NBC has agreed to pay $7.7 billion to broadcast the Olympics through the 2032 Summer Games.
The deal extends the current rights deal that runs through the 2020 Summer Olympics in Tokyo, and covers various platforms including free television broadcasts, pay television, Internet and mobile distribution.
For the current rights deal, which covers four games between 2014 and 2020, NBC is paying $4.48 billion. So this deal covering six games represents a 16% increase in the amount paid per Olympics.
In an era when an increasing number of viewers skip commercials by watching programs on demand, sports rights have become more valuable to broadcasters since viewers are more likely to watch live. The Olympics draw enough viewers as well as advertising support to be profitable for the broadcaster, even at such lofty prices.
The 2012 Summer Olympics in London drew an average of 31 million viewers during prime time for NBC, up 12% from the 2008 games in Beijing. It generated $1.2 billion in revenue for the network.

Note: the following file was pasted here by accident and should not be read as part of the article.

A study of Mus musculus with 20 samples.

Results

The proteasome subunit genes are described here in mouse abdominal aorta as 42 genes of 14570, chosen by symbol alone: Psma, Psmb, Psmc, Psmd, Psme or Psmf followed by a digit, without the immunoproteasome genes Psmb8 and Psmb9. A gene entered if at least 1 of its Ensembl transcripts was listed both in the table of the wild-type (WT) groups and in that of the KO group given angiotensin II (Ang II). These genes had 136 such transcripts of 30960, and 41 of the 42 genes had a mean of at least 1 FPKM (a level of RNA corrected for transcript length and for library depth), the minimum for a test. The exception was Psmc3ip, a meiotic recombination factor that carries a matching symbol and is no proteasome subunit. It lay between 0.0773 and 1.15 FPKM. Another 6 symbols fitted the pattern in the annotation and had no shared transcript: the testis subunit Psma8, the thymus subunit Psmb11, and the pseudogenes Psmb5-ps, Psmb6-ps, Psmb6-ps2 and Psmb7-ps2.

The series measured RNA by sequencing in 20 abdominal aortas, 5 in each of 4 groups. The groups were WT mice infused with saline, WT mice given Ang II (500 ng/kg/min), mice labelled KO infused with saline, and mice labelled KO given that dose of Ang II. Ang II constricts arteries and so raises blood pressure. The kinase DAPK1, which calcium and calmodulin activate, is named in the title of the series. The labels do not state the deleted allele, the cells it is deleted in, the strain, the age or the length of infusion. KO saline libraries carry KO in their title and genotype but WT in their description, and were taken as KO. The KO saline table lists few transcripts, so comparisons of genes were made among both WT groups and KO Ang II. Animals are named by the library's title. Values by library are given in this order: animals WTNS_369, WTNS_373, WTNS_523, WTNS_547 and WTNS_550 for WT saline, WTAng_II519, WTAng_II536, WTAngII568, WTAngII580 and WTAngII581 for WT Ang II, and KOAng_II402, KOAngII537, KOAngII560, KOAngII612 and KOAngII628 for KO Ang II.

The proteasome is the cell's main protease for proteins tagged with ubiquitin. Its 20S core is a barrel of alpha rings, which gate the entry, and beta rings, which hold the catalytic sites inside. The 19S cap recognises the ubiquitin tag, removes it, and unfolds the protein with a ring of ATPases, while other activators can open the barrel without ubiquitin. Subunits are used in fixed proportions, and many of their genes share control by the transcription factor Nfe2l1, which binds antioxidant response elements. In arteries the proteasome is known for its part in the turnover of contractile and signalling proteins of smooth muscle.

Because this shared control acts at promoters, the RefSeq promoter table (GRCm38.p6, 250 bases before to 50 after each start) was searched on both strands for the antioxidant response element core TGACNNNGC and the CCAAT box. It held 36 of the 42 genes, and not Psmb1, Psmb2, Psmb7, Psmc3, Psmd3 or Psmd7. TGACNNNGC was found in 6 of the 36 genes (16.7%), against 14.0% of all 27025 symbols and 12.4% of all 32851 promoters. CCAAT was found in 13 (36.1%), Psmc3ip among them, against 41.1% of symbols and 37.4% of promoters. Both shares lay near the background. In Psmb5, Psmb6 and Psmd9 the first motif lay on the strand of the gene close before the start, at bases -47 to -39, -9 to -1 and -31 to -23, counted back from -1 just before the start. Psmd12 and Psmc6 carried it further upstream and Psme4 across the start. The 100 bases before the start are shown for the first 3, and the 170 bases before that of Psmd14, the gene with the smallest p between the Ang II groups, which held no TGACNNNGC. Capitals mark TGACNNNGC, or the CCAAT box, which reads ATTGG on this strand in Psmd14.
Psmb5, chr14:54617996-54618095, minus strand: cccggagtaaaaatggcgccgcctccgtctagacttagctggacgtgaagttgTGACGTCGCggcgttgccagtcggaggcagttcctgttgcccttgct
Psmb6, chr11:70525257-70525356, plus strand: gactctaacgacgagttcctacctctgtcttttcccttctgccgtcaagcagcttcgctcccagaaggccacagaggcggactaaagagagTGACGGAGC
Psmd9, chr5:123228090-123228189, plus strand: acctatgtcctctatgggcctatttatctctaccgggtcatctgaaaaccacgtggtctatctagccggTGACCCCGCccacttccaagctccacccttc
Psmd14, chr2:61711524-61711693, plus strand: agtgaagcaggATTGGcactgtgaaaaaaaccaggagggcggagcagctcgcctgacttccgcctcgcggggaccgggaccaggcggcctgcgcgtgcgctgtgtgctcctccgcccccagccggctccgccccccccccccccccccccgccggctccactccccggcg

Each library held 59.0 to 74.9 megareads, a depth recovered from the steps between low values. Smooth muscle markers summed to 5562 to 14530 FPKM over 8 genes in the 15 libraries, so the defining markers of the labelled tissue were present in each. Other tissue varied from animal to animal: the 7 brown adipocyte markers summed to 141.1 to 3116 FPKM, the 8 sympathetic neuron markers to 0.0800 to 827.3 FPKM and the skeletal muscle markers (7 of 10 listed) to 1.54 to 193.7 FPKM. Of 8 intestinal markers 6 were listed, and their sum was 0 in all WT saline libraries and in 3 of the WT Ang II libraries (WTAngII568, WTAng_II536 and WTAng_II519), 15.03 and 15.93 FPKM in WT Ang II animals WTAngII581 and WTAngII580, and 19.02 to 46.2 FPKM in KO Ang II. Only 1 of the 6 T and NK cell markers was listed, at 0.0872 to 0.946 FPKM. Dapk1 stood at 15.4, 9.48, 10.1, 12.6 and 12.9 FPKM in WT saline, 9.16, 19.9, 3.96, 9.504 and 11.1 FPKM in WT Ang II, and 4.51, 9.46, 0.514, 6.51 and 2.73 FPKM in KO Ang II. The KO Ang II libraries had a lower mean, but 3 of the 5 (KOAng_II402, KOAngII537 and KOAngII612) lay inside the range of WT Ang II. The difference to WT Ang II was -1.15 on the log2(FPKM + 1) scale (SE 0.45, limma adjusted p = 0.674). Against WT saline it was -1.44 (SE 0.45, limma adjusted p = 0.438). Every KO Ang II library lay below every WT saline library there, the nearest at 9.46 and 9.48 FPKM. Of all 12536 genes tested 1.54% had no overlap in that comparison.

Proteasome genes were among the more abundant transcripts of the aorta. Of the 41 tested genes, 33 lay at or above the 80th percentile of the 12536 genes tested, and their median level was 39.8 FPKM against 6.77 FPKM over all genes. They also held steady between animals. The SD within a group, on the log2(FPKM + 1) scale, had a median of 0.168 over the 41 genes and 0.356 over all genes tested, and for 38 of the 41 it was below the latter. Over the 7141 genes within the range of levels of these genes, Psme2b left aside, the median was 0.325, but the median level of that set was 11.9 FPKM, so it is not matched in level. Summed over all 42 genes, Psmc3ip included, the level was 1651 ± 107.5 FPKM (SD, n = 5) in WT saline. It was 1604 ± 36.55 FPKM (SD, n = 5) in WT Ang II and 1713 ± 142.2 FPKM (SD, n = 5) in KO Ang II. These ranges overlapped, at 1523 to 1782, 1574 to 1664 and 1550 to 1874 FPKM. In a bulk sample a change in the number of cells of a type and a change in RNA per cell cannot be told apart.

The 2014 Winter Olympics in Sochi, Russia had slightly lower viewership than the previous winter games in Vancouver, but was the top-rated program on all 18 nights it aired. It generated $1.1 billion in revenue for NBC.
"The Olympics are part of the fabric of our company, and we couldn't be more excited that today's announcement guarantees that this massively popular and profitable programming will continue to air every two years on the broadcast, cable, digital and mobile platforms of NBCUniversal for the next two decades," said NBCUniversal CEO Steve Burke.
The 2032 Olympics will be the 23rd to be broadcast by NBC. The deal has been announced so far in advance that some of the Olympians who compete in those games likely have not been born yet.
Broadcast rights are the leading source of revenue for the International Olympic Committee, accounting for 47% of its funds, according to the most recent financial report. And the U.S. rights are by far the most lucrative in the world.
"This agreement is excellent news for the Olympics as it helps to ensure its financial security in the long term," said IOC President Thomas Bach.